A Better Understanding of Coral Reef Ecosystems

Pelagic predators such as these barracuda, Sphyraena qenie, are part of the coral reef ecosystem in the U.S. Line Islands (NOAA Photo by Kevin Lino).
A team of scientists have embarked from Hawai'i on a three-month survey of coral reef ecosystems at Johnston Atoll, the U.S. Phoenix Islands, the islands of American Samoa, and the U.S. Line Islands in the tropical Pacific Ocean. The overarching objective is to better understand the coral reef ecosystems of these areas, many of which are seldom explored. The research expedition is part of a regular monitoring program, conducted by the Coral Reef Ecosystem Division (CRED), headquartered in Honolulu, Hawai'i. The expedition is supported by NOAA's Coral Reef Conservation Program and involves extensive cooperation among NOAA scientists and research partners, including the University of Hawaii Joint Institute for Marine and Atmospheric Research (JIMAR), the U.S. Fish and Wildlife Service, San Diego State University, and the Papahānaumaokuākea Marine National Monument.

The research expedition will be carried out from February 27 to May 24, 2012 aboard the NOAA ship Hi'ialakai. Under the leadership of Chief Scientists Dr. Jill Zamzow, Dr. Bernardo Vargas-Angél, and Jamison Gove, a diverse team of researchers will be conducting multidisciplinary coral reef ecosystem surveys, assessing the status of fishes, corals, algae, marine invertebrates, and the oceanographic conditions in which these organisms exist. The scientific data collected during the three-month research expedition will enable informed and effective implementation of ecosystem-based management and conservation strategies for coral reef ecosystems, helping to ensure their protection for generations to come.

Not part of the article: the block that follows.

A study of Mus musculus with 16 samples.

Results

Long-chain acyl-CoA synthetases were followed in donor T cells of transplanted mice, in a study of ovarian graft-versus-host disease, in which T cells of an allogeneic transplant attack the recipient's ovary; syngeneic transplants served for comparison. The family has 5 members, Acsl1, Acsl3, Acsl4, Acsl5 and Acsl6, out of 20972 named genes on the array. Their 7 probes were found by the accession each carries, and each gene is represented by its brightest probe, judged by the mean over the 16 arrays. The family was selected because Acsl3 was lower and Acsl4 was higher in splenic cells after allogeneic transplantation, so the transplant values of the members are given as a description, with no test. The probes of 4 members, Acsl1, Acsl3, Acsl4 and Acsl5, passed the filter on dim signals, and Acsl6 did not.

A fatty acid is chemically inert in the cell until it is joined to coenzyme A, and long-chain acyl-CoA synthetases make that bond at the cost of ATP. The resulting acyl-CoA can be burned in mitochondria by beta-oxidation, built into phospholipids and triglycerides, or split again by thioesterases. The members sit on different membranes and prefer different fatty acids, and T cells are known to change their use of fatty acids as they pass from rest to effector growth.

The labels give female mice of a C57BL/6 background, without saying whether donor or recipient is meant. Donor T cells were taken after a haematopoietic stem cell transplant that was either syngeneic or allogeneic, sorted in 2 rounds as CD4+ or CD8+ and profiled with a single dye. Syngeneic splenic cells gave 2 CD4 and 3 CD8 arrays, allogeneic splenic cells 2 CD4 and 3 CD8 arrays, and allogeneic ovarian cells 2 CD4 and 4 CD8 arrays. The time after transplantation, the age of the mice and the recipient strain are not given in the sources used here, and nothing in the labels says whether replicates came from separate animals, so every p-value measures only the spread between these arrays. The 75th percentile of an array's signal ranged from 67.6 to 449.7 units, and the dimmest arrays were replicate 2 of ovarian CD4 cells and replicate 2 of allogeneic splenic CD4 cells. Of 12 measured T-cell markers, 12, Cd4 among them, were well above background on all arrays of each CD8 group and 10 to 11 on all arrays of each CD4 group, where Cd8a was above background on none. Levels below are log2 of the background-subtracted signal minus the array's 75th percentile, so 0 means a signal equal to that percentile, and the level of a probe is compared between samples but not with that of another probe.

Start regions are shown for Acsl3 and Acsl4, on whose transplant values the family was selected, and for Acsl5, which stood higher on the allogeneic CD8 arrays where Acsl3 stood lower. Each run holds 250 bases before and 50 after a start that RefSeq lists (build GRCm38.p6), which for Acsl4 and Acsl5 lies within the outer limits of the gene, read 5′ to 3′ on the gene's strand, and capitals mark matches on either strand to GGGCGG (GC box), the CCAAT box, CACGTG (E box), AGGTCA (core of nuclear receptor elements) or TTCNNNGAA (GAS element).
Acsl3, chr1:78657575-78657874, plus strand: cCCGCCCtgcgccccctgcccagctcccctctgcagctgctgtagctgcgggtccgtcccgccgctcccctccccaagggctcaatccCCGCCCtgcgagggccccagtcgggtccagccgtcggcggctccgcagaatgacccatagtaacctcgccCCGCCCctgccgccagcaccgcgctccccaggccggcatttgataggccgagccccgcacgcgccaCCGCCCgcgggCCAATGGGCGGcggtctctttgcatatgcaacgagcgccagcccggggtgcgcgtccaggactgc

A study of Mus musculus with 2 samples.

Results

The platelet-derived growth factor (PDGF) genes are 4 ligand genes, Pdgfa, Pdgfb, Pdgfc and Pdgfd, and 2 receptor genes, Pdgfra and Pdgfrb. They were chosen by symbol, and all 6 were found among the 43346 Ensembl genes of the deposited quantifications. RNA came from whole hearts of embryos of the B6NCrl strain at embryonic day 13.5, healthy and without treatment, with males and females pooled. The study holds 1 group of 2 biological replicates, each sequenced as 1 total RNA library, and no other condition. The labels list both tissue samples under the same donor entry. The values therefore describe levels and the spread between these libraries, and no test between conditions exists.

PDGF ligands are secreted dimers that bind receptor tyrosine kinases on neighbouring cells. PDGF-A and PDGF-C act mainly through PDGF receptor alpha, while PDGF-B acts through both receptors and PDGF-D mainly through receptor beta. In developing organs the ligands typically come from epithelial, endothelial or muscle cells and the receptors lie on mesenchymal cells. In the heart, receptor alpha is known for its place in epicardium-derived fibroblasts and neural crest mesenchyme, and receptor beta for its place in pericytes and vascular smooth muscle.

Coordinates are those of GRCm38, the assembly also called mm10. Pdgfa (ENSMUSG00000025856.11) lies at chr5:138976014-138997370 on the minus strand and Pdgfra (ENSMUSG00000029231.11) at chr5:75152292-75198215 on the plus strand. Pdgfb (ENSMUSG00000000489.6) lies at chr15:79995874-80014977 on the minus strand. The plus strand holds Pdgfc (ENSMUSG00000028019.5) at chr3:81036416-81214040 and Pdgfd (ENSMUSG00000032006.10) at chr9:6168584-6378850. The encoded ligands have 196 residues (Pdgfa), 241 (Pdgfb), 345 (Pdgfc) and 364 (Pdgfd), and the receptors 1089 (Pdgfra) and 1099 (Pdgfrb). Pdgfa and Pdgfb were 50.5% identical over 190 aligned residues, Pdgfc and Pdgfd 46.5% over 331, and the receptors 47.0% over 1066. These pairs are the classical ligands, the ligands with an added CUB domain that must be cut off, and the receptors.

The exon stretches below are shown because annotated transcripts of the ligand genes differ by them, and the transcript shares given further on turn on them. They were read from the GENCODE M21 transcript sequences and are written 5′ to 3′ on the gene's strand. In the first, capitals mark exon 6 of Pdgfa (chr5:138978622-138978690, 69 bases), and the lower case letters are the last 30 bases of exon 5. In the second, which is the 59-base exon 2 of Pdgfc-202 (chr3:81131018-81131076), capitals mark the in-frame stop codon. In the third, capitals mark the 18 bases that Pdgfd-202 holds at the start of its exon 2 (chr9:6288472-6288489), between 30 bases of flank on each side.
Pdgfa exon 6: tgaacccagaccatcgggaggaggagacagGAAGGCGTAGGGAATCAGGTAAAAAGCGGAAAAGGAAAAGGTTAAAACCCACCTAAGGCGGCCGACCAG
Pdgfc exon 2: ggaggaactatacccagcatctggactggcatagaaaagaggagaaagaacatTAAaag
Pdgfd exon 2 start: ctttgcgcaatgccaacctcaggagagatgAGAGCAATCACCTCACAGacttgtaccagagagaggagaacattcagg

Thursday, April 9, 2009

Finished at Guam & moving on

We’ve spent the past 4 days (4/5-4/8) working in the waters surrounding Guam. Our scientific party conducted an impressive 204 dives in those 4 days. Twenty-five REA (Rapid Ecological Assessment) sites were surveyed for fish and benthic communities. The Fish and Benthic Tow-Board teams completed 23 towed-dives covering an astounding 46.8 km! In addition to all of those surveys, the Oceanography team successfully deployed/recovered a number of moored instruments and conducted CTD casts and water sampling. We have been busy!

Today we surveyed along the south side of the island of Rota. We have one more day here before heading to north to Aguijan and then Tinian.